The story of Android in 2016 was about more than just the operating system. It was about Google's real ambition: Total ubiquity in everyone's lives.
We learned this year how much Google wants to be everywhere, building a “personal Google” that can do everything from tell you about your next appointment to firing up a playlist and fetching an Uber.
Since the future of Google services is to have it everywhere, and accomplishing that type of ubiquity requires hardware. Hence the “Made by Google” event in October that introduced the Pixel, Google Home, Daydream VR, Google WiFi, and a 4K Chromecast. All of this matters greatly for Android, because Google is going to increasingly leverage it as an even stickier piece of its expanding ecosystem.
LOOKING BACK AT 2016 PREDICTIONS
This last year had some things that played out as I expected and some that weren’t on my radar. I was pleasantly surprised, but not completely blown away, that Google opted to create its own phone with the Pixel. We’d heard murmurings of that early in the year, and then it finally turned out that instead of another Nexus phone, which had always been done in partnership with a handset maker, Google would pull an Apple and just build the thing itself (to be specific, HTC is the device manufacturer).
Part of the reason is that Google’s moves weren’t entirely shocking was that this was one way to catch up and step up to compete in existing areas. The company essentially built a competitor to the Amazon Echo (Google Home), the iPhone (Pixel), and the Gear VR (Daydream VR).
The reason? Google has decided that it must control its own future. When the world was just about Android vs. iPhone, it was happy to make the software and let hardware makers duke it out for supremacy.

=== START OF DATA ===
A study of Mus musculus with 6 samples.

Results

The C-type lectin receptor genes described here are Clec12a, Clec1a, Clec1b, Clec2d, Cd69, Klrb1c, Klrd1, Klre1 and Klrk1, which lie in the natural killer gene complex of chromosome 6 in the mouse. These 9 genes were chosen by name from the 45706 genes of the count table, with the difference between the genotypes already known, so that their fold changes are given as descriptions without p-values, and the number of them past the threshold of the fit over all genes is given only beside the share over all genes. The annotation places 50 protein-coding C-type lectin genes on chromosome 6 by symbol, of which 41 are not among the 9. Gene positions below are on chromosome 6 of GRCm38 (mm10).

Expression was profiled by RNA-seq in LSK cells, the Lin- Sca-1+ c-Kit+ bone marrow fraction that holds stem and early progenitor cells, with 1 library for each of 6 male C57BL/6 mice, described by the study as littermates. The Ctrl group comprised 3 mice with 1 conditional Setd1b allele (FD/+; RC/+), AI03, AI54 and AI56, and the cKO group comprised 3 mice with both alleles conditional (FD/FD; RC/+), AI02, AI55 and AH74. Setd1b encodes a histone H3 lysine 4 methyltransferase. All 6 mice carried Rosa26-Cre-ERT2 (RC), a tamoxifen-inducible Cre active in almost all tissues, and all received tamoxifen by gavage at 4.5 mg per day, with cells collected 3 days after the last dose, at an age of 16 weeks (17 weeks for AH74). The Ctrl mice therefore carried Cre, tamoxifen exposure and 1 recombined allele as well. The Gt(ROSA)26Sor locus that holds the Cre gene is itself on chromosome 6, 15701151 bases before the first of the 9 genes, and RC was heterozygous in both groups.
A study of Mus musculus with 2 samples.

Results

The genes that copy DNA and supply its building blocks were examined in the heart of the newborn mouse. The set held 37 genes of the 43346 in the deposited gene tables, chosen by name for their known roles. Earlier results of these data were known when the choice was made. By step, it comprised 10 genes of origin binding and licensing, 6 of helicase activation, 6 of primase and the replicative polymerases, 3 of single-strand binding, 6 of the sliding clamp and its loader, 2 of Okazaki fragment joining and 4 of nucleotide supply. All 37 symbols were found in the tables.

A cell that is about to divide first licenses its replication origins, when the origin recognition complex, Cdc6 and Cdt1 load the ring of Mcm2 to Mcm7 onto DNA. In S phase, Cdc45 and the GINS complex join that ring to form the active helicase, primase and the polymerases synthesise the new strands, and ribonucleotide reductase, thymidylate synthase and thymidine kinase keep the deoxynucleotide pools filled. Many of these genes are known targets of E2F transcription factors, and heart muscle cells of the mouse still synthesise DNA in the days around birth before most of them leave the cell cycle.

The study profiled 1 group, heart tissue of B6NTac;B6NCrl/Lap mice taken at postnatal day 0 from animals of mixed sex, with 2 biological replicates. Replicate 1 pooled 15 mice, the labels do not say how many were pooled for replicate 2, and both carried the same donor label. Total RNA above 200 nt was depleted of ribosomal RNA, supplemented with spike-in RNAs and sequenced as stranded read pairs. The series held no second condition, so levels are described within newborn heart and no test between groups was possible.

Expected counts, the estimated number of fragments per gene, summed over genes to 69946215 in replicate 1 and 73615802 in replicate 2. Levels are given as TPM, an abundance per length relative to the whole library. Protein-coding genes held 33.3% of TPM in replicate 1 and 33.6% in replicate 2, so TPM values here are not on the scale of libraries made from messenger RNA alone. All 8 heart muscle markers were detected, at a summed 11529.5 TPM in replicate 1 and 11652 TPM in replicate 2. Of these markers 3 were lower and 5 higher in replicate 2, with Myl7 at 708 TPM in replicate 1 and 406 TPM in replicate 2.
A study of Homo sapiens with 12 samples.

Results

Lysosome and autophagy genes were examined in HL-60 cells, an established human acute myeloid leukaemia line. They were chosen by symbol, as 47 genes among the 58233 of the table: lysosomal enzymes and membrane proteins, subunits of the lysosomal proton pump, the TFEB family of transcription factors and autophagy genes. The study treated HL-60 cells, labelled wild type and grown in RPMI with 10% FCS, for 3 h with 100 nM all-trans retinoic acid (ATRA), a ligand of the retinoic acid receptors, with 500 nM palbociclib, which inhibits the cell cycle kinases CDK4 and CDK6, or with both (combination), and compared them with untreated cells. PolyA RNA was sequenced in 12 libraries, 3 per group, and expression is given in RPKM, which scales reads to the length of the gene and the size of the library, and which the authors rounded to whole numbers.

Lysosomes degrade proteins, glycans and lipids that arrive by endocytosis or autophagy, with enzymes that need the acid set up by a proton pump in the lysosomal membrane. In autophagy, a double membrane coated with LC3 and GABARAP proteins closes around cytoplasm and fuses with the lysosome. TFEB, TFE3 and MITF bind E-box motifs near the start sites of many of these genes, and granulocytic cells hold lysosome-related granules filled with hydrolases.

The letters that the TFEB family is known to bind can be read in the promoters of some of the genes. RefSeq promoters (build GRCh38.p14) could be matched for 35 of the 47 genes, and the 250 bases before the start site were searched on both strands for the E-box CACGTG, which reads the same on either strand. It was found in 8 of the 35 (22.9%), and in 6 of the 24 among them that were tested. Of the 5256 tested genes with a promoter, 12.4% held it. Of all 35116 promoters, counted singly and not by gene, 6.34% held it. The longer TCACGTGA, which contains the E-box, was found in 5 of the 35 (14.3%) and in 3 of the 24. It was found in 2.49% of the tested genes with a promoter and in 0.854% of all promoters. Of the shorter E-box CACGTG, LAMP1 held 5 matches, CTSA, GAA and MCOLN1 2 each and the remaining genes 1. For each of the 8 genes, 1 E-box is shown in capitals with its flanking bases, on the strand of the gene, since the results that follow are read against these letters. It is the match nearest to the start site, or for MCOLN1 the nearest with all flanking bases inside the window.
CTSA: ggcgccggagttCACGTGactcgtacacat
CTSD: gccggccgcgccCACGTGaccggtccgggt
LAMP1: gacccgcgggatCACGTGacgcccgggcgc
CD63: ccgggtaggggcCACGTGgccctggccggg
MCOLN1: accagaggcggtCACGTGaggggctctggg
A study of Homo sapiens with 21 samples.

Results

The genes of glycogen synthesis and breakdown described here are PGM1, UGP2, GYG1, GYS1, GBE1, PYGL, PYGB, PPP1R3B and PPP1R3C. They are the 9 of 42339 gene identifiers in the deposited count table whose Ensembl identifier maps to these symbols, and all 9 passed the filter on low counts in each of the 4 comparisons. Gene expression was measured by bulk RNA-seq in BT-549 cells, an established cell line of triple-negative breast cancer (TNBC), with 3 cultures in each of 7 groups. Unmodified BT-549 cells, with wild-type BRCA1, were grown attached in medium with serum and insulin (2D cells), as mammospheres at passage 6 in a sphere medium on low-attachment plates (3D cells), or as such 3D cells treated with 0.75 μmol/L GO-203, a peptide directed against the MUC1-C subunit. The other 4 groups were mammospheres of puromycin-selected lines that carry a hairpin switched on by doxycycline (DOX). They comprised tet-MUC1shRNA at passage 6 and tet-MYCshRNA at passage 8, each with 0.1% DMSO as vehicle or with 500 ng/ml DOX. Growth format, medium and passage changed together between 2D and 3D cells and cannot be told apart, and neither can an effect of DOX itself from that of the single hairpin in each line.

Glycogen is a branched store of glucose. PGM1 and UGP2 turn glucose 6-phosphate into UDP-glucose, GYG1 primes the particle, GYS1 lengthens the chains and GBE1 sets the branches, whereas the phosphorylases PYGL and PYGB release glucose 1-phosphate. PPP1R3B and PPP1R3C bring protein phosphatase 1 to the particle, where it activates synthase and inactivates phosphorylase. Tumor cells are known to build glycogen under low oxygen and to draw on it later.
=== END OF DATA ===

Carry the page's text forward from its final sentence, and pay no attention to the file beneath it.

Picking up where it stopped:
Things have changed. The ecosystem that we all live in isn’t just tied to a smartphone, computer, and tablet. It extends to television, cars, virtual reality, and now talking oracles that sit atop the kitchen counter. For Google to control that and build its vision of a “personal Google” it needs to make the hardware as well.
Android is better than ever, and it finally has a good video chatting app in Duo and messaging solution in Allo, although nobody I come across uses it.
The bottom line: The real story, or five of them to be exact, is in this new combined hardware and software future.
THE GOOGLE ASSISTANT
We begin with the future of Google search - an always there, always listening, ever creepy Google Assistant. Revealed at Google I/O, the concept is that you will have your own personal Google. The company has been building the foundation work for this initiative during the last couple of years, which began with Google Now. Instead of launching an app to discover your flight information or schedule, you can just ask Google.
With so much information contained in your Gmail, search history, and other Google products, the company has a significant knowledge about the details of your digital life. Forget scrolling through a feed of Google Now cards to find out when your next event is. Just ask.
Google decided to go full-on into the smartphone hardware business and make its first phone, the Pixel. While it’s not great news if you’re another Android hardware maker, the move made a lot of sense for Google. It’s an excellent device with a fantastic camera, and it allows Google to perform a massive beta test of the Google Assistant. I find that it’s genuinely smarter and more useful than Siri, giving the Pixel an edge in a direct comparison with the iPhone. It’s the first Android phone that I recommend to friends and family without any hesitation.
It feels like Google was caught slightly off-guard by the success of the Amazon Echo. This is definitely a me-too product, with Google banking on its superior artificial intelligence capabilities to put it over the edge. If you connect it Spotify or Play Music, it’s the perfect party companion since you can request songs or artists by name. It also talks to Netflix and other video services for easy casting to the bigger screen.
The bottom line: The functionality isn’t as deep as Alexa, but Google’s likely to push hard to get there.
Every year we get a new flavor of Android, and this year it was Nougat. The big change this year was a lengthy software beta that allowed Nexus users to try out Nougat for several weeks before it went live.
It has a lot of great features, like split-screen mode, faster multitasking, and several enhancements that make Android the best mobile operating system there is. The truest and most powerful version, however, is reserved for Google’s own Pixel.
The bottom line: It’ll be worth watching if this turns into a permanent divide between Google’s own version of Android and everybody else.